Sunday Stories: Arthur William Elfeldt

Arthur W. Elfeldt was born in Lancaster, Co., Nebraska, on Sept. 8, 1887. As a child he lived near Hallum, Nebraska, on the family farm. When he reached the age of 14 he developed a very pleasing bass voice, using it to sing in the church choir, and in a short time, became a member of a male quartet. He loved to sing and continued to sing in different male quartets until his late 60s.

As a young man, he held several jobs in Lincoln, Nebraska. Namely, a grocery delivery boy, and later as a salesman in a men’s ready-to-wear store.
In his early twenties, he moved with his parents to Beatrice, Nebraska. Here he and his father owned and operated a grocery store and a restaurant. It was here that he met Edith B. Wallace. They were married on November 1, 1910. In 1911, he and Edith came to the Sutherland area, settling on a farm 12 miles southwest of town. Rural life was not easy in those early days, but both Art and Edith were hard working, dedicated people. It was on this farm that they raised their four children: Glenn, Marie, Beulah and Carl.

The farm consisted of about one and a half sections, 300 acres of cultivated land and the rest pasture. Art worked long hours plowing, planting, cultivating such crops as wheat, corn, oats, barley and cane. Along with this work, he developed a good strain of Hereford cattle. The combined family milked cows, separated the milk, sold cream and butter, and used the rest to help feed pigs. Edith raised huge gardens, preserving, pickling and canning what the family didn’t use fresh. A large dishpan of strawberries was picked each morning for most of the summer. She also raised many chickens, usually about 300, each year by using the setting hens to hatch the eggs. It was not unusual for her to have 15 or 20 hens setting at one time, all in their individual pens so each one had to be fed and watered separately. These chickens were the family’s main source of meat during the summer months. Beef and pork was butchered in the fall. When the weather was cold enough to keep the meat, it was eaten fresh, but most of it was canned or cured. There were no freezers back then.
Neighbors were a valuable part of country life in those days. Not only for the social contact, but also for help with many farm jobs. If anyone had a job that was too big for him and his family to handle, the neighbors came from miles around to give him a hand, and in return, each one helped the others. When this happened, the men always knew there would be a table laden with lots of good food when their work was finished or meal time came around.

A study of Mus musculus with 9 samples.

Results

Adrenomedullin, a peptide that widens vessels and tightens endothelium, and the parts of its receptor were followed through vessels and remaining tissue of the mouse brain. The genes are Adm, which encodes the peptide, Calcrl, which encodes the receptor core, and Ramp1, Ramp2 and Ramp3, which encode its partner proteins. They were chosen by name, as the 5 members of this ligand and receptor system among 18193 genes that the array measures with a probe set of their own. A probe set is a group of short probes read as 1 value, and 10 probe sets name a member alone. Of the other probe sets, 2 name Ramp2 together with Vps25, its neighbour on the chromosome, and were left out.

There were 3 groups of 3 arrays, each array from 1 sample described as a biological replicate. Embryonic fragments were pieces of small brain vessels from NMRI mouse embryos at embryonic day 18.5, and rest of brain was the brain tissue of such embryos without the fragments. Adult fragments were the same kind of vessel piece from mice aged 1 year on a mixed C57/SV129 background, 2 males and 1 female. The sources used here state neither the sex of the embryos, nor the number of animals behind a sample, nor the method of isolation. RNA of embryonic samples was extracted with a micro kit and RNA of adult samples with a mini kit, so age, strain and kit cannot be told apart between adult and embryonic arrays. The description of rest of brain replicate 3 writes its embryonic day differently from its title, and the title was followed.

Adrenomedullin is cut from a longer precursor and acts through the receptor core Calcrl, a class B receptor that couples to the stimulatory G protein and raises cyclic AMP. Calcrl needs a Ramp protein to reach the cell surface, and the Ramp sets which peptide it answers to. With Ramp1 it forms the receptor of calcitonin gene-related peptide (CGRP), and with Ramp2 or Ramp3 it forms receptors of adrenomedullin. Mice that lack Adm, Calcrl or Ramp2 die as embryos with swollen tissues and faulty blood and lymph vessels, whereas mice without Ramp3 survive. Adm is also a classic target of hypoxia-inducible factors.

Art was a dedicated member of the Odd Fellow’s Lodge, holding all the local offices during his lifetime and also working at state level in their Lodge.

He was an active member of the Farmer’s Cooperative Association, serving on the Board for many years. He believed the organization was a big help to the individual farmer’s needs and their contribution to all as food producers.

Art was a member of the Lion’s Club, and was proud of the work they did to help others. He was an active member of the Methodist Church all of his life, and continued to sing in the choir as well as help in other areas of the church work. He serve3d on the rural School Board most of the time while his children were in school, and was regarded as a person who would always offer a hand when and where it was needed.

Edith died in 1953. After he was alone, Art seemed to have a wanderlust. He traveled extensively, but only within the United States. He kept a record of where he went and just a few months before his death, he was able to say he had driven his own car in every one of the lower 48 states and also in Alaska. His advice to OLDER drivers was “If you are in unfamiliar territory, stay off the Interstates because, by the time you can read the exit sign, it is too late to make the turn.”

Arthur W. Elfeldt died on July 6, 1967.